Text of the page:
It’s time to remember again, fellow boomers. Some of us do it better than others. But we figure the very best is retired Evansville, Indiana columnist and still-producing-books author Garret Mathews, because that’s what he has done for a living. Garret even calls himself a “professional rememberer.” BoomerCafé has started running a series of installments of some of Garret’s remembrances which, as you’ll see, are no different than the things we remember … or wish we did. Here is Garret’s latest:
Think back your first real job. Did you have it worse than me?
February of 1972. I was paid $90 a week to be on the copy desk at the Bluefield, W., Va., Daily Telegraph. The monthly payment on my Ford Pinto was $66.22. The monthly installment on my student loan at Virginia Tech was $59.13. Weekly rent at the boarding house was $10. I wasn’t allowed visitors. I couldn’t do anything that might even remotely be considered noise.
The TV was a black-and-white unit in the main living room that only picked up one channel. I had to share the bathroom with the elderly, hard-of-hearing proprietor. Once, she barged in me while I was doing a No. 2. I tried to cover up, but my shirt was too short. “I’ve seen worse,” Miss Calfee said.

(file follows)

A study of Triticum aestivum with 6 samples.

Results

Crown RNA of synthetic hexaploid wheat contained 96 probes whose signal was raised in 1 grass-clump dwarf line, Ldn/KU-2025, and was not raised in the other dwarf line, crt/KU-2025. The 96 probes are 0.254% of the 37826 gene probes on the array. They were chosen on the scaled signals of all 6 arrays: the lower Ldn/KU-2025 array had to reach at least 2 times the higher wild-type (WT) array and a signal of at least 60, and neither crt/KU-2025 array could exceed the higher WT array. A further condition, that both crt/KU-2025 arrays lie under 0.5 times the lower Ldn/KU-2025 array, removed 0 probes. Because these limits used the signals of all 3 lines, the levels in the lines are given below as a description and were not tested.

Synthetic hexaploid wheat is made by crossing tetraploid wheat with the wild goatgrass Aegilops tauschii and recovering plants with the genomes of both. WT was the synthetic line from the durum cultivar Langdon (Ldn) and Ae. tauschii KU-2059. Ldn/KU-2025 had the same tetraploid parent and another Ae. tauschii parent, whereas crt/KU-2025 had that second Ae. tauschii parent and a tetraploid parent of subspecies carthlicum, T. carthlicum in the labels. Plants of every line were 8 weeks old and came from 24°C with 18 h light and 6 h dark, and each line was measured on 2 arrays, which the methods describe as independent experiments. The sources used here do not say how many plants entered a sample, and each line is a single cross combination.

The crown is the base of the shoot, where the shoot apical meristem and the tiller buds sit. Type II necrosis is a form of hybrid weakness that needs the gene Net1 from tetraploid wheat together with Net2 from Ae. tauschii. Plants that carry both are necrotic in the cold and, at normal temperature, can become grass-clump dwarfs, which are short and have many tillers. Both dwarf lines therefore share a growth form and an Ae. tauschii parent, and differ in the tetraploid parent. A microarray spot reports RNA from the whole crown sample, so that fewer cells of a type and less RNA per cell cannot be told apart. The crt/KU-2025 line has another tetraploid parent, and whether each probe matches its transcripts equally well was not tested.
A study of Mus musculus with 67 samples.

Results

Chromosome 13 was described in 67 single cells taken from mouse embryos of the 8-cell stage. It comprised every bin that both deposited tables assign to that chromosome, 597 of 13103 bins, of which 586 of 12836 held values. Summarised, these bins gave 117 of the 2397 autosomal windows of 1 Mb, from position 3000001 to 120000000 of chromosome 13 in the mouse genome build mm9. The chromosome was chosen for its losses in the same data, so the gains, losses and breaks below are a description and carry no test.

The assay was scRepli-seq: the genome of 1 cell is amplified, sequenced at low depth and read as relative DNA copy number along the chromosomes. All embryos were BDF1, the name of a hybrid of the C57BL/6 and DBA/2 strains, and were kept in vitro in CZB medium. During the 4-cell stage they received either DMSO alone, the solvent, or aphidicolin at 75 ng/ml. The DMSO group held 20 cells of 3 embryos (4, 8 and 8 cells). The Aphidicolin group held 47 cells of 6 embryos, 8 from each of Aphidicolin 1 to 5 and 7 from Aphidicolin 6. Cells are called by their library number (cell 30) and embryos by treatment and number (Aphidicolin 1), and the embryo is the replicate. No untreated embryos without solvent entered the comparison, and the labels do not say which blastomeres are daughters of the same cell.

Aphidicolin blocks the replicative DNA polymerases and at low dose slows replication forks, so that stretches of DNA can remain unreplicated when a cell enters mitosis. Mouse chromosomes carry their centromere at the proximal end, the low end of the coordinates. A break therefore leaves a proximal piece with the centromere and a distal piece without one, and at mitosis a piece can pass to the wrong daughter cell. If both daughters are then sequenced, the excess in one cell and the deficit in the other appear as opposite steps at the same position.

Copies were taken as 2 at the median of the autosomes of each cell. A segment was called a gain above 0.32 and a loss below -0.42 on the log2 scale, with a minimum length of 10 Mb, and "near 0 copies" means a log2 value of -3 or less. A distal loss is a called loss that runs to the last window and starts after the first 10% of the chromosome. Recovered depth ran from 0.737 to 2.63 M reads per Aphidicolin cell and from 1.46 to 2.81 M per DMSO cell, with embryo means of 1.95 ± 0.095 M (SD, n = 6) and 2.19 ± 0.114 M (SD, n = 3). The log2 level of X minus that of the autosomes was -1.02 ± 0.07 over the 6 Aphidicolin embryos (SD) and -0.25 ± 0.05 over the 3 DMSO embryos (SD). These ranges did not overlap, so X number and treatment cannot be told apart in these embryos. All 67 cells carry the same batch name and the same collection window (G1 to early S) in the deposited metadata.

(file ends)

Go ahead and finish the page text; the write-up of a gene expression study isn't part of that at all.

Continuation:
About that job. What do you remember about your first day?
The foreman of the composing room met me at the top of the stairs. Frank Durham was expecting a new hire and thought I was it. He handed me an X-Acto knife and told me to cut down the next day’s comics. Tom Colley, the managing editor, let Frank have it for trying to steal his employee.
The first headline I wrote was “Bluewell PSD (Public Service District) To Meet.”
Tom bought me a Coke in the break room. I noticed that the television set was wrapped in several pounds of heavy chains with multiple locks. He said the family that owned the paper was tired of employees trying to steal it.
On a tour of the ancient building, I was taken to the mail room and saw several marijuana plants growing in the dirt floor. The supervisor, C.R. Davis, said he encouraged pot-smoking “because it makes the guys work better.”
Later that night, Tom told me to change the ribbon on the Associated Press teletype machine. I wasn’t smart enough to turn the thing off first. The first 100 characters of the day’s Vietnam War story pounded out on my fingers.